I have noticed a trend forming, people want to drive a cool old stock Jeep. A lot of these people have rock crawlers but they want something stock. They wouldn't necessarily drive it to work, but maybe after work and on weekends they aren't off on some hardcore trail. I plan on a few of these builds, but this is the first.
The only before pics I have are of the chassis. That's how I bought it. I brought the complete chassis directly to the blasters, motor, trans, axles and all. I'll snap a couple pics of the original tub so you can see why we decided to replace it.
When I bought the Jeep, it only had 3 of those cool tires on it. I searched high and low, but could not source a fourth. The original wheels wouldn't fit with the disc brakes anyway so new wheels and tires were purchased.
Here are the only three pics I have of the chassis before we tore it down. If you click on them, you can see them in full size.
As with your other builds, I will be watching. My next-door neighbor has an original (he was the original owner) '66 CJ5 V6. He said he owned if for a year before he could afford to buy the heater for it...:Wow1:
Their simplicity is so timeless and appealing. I told him that when the time comes, I want it.
This build isn't going to be very involved, after all, it's a simple Jeep. Probably one of the easiest restoration projects out there. Maybe an Austin Healey Sprite would be easier. We've only had a couple weeks of hands on work and the thing is about 60% done.
As stated earlier, this is a 1974 CJ. It is from the early AMC era when things were in flux. Not only were the manufaturing processes and design heavily altered during this changeover, but the style itself and associated image or brand was being tinkered with. The earliest of Jeeps, we can all agree, were military influenced and purpose built for rough environments with minimal parts and light weight. The second iteration came after WWII when Jeep needed to figure out how to sell them to civilians. Ranchers and farmers were the primary target. Then came the lifestyle era where Jeep marketed the CJ as it was now called to the weekend warrior. During this time, the average weekender was very rugged and willing to go places and do things that seemed like pioneering. I wish I lived back then...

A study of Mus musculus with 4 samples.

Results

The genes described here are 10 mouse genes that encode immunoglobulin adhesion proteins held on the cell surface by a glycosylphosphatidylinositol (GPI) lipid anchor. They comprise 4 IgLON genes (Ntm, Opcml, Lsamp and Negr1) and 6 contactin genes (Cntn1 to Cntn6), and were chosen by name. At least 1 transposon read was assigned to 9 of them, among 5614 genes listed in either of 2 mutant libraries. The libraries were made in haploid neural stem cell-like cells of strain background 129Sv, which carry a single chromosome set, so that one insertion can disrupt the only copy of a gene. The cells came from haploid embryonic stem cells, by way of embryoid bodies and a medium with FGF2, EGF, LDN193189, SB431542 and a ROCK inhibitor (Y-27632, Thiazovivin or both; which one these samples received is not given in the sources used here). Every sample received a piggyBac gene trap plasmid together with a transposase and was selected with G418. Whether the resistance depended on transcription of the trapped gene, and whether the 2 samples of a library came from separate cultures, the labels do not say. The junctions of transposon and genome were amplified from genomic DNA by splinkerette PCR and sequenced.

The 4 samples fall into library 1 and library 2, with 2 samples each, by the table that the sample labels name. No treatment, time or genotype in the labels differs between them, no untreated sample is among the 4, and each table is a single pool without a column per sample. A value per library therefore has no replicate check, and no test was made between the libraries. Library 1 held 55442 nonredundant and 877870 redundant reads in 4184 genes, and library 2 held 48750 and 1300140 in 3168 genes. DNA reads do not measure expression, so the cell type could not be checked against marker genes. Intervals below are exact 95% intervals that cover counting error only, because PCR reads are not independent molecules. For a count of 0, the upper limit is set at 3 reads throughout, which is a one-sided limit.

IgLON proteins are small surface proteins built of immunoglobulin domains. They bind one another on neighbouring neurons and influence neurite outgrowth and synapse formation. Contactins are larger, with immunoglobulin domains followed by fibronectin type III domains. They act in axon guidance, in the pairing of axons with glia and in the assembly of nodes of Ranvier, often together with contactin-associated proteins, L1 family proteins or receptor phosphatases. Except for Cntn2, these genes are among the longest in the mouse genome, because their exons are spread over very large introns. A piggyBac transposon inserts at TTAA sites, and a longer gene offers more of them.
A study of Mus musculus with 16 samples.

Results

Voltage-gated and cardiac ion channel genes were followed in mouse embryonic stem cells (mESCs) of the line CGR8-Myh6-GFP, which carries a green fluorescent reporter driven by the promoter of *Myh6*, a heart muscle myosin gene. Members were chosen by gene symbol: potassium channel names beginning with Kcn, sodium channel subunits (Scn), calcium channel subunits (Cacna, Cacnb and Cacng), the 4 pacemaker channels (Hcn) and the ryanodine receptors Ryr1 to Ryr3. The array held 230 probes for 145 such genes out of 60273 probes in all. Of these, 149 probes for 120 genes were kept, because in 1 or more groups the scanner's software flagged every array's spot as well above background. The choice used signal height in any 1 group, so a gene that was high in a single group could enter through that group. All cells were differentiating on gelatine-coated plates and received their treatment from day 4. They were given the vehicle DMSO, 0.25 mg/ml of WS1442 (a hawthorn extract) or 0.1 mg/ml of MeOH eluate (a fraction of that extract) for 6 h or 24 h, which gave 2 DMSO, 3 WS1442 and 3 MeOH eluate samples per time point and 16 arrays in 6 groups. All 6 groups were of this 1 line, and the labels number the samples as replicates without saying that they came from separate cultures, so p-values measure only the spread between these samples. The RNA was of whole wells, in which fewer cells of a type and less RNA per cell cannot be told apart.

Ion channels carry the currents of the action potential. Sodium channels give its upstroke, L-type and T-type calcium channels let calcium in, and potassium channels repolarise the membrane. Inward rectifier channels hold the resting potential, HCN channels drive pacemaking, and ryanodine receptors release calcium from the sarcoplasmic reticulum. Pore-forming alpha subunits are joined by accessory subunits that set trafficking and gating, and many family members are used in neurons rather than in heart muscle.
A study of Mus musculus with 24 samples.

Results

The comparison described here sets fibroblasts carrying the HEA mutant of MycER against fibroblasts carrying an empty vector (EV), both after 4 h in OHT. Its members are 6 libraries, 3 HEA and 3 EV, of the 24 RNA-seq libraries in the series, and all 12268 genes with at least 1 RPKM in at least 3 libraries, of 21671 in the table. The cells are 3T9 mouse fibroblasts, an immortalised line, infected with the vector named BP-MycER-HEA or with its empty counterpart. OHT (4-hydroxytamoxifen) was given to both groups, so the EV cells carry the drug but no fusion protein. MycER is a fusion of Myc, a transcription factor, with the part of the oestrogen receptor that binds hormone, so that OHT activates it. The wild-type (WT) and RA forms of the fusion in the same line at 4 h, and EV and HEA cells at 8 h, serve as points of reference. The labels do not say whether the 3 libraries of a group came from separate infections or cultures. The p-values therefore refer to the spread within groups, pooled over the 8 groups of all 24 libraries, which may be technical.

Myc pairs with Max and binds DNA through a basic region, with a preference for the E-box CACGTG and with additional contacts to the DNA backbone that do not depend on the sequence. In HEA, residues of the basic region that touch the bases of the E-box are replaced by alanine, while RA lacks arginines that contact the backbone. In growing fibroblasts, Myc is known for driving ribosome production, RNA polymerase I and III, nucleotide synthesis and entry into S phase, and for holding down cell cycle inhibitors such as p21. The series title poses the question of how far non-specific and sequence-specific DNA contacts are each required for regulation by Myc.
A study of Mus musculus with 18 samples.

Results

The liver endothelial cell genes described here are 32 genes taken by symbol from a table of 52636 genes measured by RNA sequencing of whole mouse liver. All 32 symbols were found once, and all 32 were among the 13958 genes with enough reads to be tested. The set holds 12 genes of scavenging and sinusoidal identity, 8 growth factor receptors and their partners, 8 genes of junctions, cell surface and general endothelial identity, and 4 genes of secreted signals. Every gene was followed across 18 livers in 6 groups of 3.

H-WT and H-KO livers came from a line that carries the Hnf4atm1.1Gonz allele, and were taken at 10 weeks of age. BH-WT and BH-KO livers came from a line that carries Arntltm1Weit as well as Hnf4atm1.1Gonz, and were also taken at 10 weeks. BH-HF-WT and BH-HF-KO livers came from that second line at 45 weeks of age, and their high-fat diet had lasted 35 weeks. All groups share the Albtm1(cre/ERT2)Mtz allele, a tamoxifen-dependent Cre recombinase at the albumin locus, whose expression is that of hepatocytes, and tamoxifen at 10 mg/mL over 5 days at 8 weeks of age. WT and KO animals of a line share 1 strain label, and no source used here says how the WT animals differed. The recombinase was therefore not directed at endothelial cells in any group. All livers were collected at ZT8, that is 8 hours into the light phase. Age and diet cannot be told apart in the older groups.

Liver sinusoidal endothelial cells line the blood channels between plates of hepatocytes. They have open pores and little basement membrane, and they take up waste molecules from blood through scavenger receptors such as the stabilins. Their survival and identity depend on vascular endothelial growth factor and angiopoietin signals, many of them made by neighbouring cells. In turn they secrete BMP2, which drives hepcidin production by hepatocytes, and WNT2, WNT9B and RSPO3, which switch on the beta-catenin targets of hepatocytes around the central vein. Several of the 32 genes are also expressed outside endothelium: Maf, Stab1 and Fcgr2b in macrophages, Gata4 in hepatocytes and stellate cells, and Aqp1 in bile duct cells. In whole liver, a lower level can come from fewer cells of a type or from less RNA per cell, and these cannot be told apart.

This Jeep comes into a new era where Jeep started marketing with beer and bikini clad coeds hanging off the roll bar. Graphics were added and invariably, there was a beachball involved.
Which brings me to my dilemna. The replacement body that we purchased, although of the same year, has no tailgate, while the one we replaced had a tailgate. I am torn. Should I modify the tub and add the tailgate? My mind is already made up, and we're going to mod the body. But as this Jeep will be for sale, it's a risk that may not pay off.
So now to the actual build. We started with a pile of junk and another pile of new parts. I usually mock up as I go along to avoid surprises. Here is the chassis being disassembled and inspected while the front disc brake conversion is being mocked up.
The chassis was completely stripped down and then inspected for cracks, etc. I put the frame up on my large welding table to do the work and found so many cracks and twists it was almost worth throwing away. But I had time and no money...
The frame was twisted about 4 inches from one end to the other and two of the crossmembers were completely separated at one end. After much heating, cutting, pounding, welding, grinding it was finally straight and sound. I even took some time to reinforce the frame in the commonly known weak areas and fully welded the crossmembers and all the bracketry. Care must be taken if you don't want it to LOOK modified.